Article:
Screening Still Important But Sometimes Best Treatment is Watching and Waiting Says Utah Expert
MURRAY, UT – Prostate cancer screening. It’s rare that three words can cause so much controversy. But in the medical community, the number of opinions on when and how to screen for prostate cancer are varied and strong.
And when it comes to the best way to treat men with prostate cancer symptoms, the chasm grows even wider. But despite all the treatment options available today, sometimes the best option is doing little or nothing.
Jay T. Bishoff, M.D., medical director of the Intermountain Urological Institute at Intermountain Medical Center, is an advocate of early screening, and despite the fact that he is a surgeon, favors a treatment approach known as “active surveillance” over more radical, and potentially damaging, options. He points to Roger Holtan’s case as an example.
Holtan was diagnosed with an enlarged prostate in 1999 when he was 57 years old. A biopsy produced negative results for prostate cancer, even though his PSA was slightly elevated. While he had regular check-ups over the next 10 years, his prostate was not biopsied again.
A little over two years ago, a digital rectal exam during a routine physical caused alarm bells to ring. A biopsy of Holtan’s prostate found cancer cells. The cancer on one lobe of his prostate was “scored” at a 6 on the Gleason scale on one lobe, and a 7 on the other.
A Gleason scale measures prostate cancer tumors much like a Richter scale measures earthquakes, only on a microscopic level. While a “6” is an indicator that doctors and patients can hold off on seeking aggressive treatment, a ”7” indicates the presence of cancer cells that are either far more aggressive, or far more widespread, and is likely to shake everyone into action. A Gleason “8,” indicates a very aggressive cancer that will need attention and can rarely be ignored.
Holtan’s score meant he had some time, but needed to start investigating treatment options.
He received lots of advice from friends and from physicians – some of it mainstream and sensible – some not. Some recommendations included costly procedures, others had the potential to produce lasting complications for his sexual and urinary health.
“I was more conflicted than ever,” says Holtan. “Everyone had a different solution. I was upset. My family was upset. I really needed some direction.”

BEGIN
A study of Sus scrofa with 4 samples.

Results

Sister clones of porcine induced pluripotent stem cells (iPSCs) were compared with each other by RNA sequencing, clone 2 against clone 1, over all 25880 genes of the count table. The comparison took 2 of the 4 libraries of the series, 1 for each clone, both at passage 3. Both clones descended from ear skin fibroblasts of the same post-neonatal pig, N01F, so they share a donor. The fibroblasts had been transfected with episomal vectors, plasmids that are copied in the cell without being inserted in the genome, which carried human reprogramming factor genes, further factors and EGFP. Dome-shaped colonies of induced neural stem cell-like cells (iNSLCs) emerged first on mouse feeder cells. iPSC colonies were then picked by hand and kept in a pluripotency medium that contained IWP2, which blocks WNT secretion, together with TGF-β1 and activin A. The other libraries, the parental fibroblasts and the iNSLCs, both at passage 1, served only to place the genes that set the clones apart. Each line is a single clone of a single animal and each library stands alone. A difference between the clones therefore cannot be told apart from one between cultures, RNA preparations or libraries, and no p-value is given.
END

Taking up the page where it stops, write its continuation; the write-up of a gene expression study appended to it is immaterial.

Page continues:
To add to his confusion, a follow-up PSA test showed a significant drop in his PSA level – from 3.59 to 1.57.
And that’s where controversy comes in.
While inexpensive, (roughly $94) a PSA test is not foolproof. It simply measures elevated levels of the PSA protein in the blood. And, an elevated PSA level can be caused by several things, including benign prostate enlargement (also known as benign prostatic hyperplasia, or a prostate infection. It can also indicate the presence of cancer cells.
But it’s the possibility of false positives, and the costs associated with additional testing, that sometimes keeps physicians from recommending prostate screenings to their patients.
“This is dangerous thinking,” says Dr. Bishoff. “Do we tell women not to get a mammogram, or tell others to skip their colonoscopies just because there ‘might’ be a false positive? No, we don’t.”
A trusted family physician suggested that Holtan see Dr. Bishoff at Intermountain Medical Center, who performed another biopsy. This time, the results showed no signs of cancer.
Together, they determined that the best course for Roger – now 68 years old – was to be on “active surveillance,” a slightly more aggressive approach than doing nothing, which entails regular check-ups and biopsies to monitor the progression of the disease.
“I’m rather happy that we’ve continued doing what we’re doing,” says Holtan. “I’m going to be 70 this year, and as they say, I may die with this disease, but probably not from it.”
Dr. Bishoff says there are two factors – besides confusion about guidelines – that keep men from seeking advice on prostate issues: embarrassment and fear.
Holtan scoffs, “No one wants to talk about it. But all men have prostates, and all men may be in my situation someday. They need to get checked, and if they find something,they need to get a biopsy. Don’t wait,” he says. “ Go get it done.”
If you have insurance, call your provider to determine your coverage level for prostate cancer screenings and make an appointment for a check up. If you don’t have insurance, or your provider won’t cover a prostate cancer screening, and you are at high risk for prostate cancer, call Intermountain Medical Center at 801-507-3800 to schedule an appointment.